Not all businesses will survive the first few challenging years – with one of the reasons for this being financial mismanagement.
To give your business the best shot at thriving, below are five common money traps and mistakes a new business owner can easily fall into, and ideas on how to avoid them.
1. Forgetting the Difference between Session Accruals & Actual Sessions
Selling a block of sessions will give you a sudden cash injection, but remember this is actually income that needs to be spread out over time.
Selling blocks of sessions can mean sudden wod of cash, but these are sessions are owed to clients.
There is a difference between accruals and actual sessions.
Say you have just sold a 10-pack of sessions – that money has to cover all your expenses for the next 10 weeks. Meaning, if you instantly spend it, what happens to the next nine weeks, when there’s no money in your pocket?
2. Not Living within your Means
When you are enthusiastic about your fitness business, it is tempting to rush out and purchase all the latest equipment and set yourself up with a professional-looking website, branding and merchandise.
However it is best to take a measured approach, carefully tracking your income and expenses, and budgeting for any new purchases based on what will give you the greatest return on investment (ROI).
Sure, that cutting-edge equipment may catch people’s attention, but even more important than that is building rock solid trainer-client relationships.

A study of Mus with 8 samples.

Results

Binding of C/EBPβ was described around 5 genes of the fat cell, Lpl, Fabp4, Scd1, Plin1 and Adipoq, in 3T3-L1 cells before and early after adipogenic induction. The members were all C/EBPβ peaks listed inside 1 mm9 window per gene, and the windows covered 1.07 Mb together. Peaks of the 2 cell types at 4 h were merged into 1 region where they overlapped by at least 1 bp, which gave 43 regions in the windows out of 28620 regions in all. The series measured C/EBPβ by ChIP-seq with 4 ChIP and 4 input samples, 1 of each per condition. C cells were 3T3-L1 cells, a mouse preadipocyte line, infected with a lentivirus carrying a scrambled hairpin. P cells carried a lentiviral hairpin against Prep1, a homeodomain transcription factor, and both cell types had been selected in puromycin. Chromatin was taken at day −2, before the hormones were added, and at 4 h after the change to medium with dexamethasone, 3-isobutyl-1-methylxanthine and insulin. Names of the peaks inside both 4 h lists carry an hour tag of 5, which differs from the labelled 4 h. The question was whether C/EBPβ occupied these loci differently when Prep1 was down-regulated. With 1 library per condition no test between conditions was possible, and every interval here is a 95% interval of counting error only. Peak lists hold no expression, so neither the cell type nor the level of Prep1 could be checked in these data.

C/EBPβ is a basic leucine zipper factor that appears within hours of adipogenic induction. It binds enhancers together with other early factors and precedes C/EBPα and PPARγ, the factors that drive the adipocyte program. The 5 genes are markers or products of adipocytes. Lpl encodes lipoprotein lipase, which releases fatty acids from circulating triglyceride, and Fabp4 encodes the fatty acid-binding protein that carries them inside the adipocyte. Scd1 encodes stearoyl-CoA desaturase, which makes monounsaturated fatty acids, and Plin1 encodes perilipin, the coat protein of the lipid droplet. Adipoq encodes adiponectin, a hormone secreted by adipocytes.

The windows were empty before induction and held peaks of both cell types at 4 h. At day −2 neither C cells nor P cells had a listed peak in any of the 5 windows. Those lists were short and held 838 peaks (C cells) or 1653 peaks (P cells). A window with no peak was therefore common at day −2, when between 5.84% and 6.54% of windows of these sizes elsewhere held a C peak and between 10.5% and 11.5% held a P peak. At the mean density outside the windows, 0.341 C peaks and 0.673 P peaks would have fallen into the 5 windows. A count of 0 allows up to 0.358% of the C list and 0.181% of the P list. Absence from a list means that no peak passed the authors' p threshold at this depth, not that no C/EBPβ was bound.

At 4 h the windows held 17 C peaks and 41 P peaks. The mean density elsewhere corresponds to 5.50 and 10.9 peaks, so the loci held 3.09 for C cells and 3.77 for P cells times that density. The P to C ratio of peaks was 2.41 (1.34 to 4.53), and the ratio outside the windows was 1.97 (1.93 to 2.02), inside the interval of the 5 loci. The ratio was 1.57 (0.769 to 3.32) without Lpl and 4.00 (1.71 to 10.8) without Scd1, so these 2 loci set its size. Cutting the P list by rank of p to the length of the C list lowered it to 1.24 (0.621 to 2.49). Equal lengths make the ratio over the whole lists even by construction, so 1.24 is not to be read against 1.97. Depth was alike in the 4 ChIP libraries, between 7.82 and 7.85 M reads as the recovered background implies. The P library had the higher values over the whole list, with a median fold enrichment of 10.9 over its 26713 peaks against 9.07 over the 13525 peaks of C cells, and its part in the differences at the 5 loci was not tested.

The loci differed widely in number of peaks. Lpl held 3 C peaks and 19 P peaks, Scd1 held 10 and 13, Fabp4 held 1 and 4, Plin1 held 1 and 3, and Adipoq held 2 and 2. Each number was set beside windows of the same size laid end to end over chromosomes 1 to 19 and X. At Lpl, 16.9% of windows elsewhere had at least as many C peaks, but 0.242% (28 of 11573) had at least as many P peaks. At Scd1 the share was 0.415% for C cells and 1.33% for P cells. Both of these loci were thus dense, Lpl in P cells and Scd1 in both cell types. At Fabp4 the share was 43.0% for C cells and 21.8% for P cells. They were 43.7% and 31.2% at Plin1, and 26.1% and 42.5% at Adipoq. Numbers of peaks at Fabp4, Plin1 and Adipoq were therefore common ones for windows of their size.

3. Neglecting to Create a Dedicated Tax Account
When you are a sole trader, tax is not automatically deducted from your salary as it is when you are on a payroll.
Instead, it is up to you to set it aside.
Make a habit of instantly taxing every payment you receive, and transferring the money into a separate account, which you do not touch.
This way, when it comes time to pay your tax, you will not have the stress of trying to cobble together money to pay a hefty bill.
If you are earning over the threshold for GST/VAT, consider creating a separate GST/VAT account too where you set aside the relevant percentage of your earnings.
4. A Short-Term Sales Mentality
Short-term class packs are fairly common in the fitness industry, but this price structure means you are constantly under pressure to re-sell.
Far better than that – for the financial stability of your business – is to sign clients up to a longer-term membership, whether it be annual or term-based.
Ideally, payments should be via direct debit, to ensure ongoing cash flow without the need for continual reselling.
Having most, or all, of your clients on a direct debit plan can smooth out your cash flow, meaning less big peaks and troughs throughout the year.
Organising your expenses, for example insurance, to ‘come around’ the same time each year can aid cash flow.
5. Skipping that ‘Rainy Day’ Fund
Clients can sometimes be unpredictable, cancelling last-minute or perhaps not renewing their membership as expected.
What is predictable, unfortunately, are bills such as rent, which need to be paid no matter if you are fully booked or not.
If you do not have a rainy day fund set aside, you will not have a buffer to fall back on if your income is reduced.
Even if you do not need to access it, after a year you might have accumulated enough to maybe put on another trainer or move from your home studio into a different premises.